H5N5, a new subtype of the avian influenza virus, has been found in birds and raccoons in P.E.I. It's closely related to the H5N1 virus that's caused mass death among seabird populations in Atlantic Canada.
As of June 1, laboratory testing was still underway and had not yet fully confirmed which variant of Highly Pathogenic Avian Influenza the migratory bird had, and there are other possible detections this year, according to Alaska State Veterinarian Dr. Robert Gerlach.
Brazil is investigating another four new potential cases of highly pathogenic avian influenza (H5N1) in wild birds, according to authorities from the state of Espirito Santo, where Brazil's first ever cases were confirmed this week.
The Ministry of Health of Chile notified WHO of the detection of human infection with avian influenza A(H5) virus. The patient is a 53-year-old male from the Region of Antofagasta in the north of Chile.
The whooper swan, which calls Europe and Asia home, first made headlines last year when it stopped among the flock of local trumpeter and tundra swans that seasonally eat and rest in the Yukon. Avid birders wondered how it managed to fly so far off-course from its usual migration routes. Some birders believe the same swan has made a second visit.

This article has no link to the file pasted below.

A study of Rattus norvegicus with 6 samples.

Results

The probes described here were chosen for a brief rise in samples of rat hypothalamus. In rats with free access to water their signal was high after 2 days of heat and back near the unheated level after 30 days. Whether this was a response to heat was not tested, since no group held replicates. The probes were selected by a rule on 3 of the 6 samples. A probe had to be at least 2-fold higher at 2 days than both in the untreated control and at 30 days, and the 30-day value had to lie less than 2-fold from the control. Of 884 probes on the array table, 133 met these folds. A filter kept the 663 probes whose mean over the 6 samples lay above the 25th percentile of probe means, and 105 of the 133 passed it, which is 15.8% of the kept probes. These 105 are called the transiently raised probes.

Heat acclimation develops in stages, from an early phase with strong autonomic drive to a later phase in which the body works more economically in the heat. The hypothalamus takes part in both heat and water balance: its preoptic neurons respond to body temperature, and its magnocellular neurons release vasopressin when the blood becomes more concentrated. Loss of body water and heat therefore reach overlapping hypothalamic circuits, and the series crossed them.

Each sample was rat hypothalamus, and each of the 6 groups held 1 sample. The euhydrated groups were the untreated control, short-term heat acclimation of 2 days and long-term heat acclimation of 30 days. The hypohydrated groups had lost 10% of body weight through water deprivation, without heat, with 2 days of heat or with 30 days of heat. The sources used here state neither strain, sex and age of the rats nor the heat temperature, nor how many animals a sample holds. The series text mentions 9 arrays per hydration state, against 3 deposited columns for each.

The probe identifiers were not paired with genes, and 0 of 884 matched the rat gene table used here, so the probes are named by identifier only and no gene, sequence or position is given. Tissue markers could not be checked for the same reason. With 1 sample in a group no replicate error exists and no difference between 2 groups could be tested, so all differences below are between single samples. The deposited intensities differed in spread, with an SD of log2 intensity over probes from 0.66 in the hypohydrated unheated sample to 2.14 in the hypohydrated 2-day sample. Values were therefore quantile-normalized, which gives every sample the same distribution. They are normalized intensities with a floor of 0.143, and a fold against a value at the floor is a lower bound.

A pet dog in Oshawa has died after testing positive for avian flu, the Canadian Food Inspection Agency says. The CFIA says the number of documented cases of H5N1 — also known as avian flu — in other species like cats and dogs is low, and based on current evidence, the risk to the general public remains low.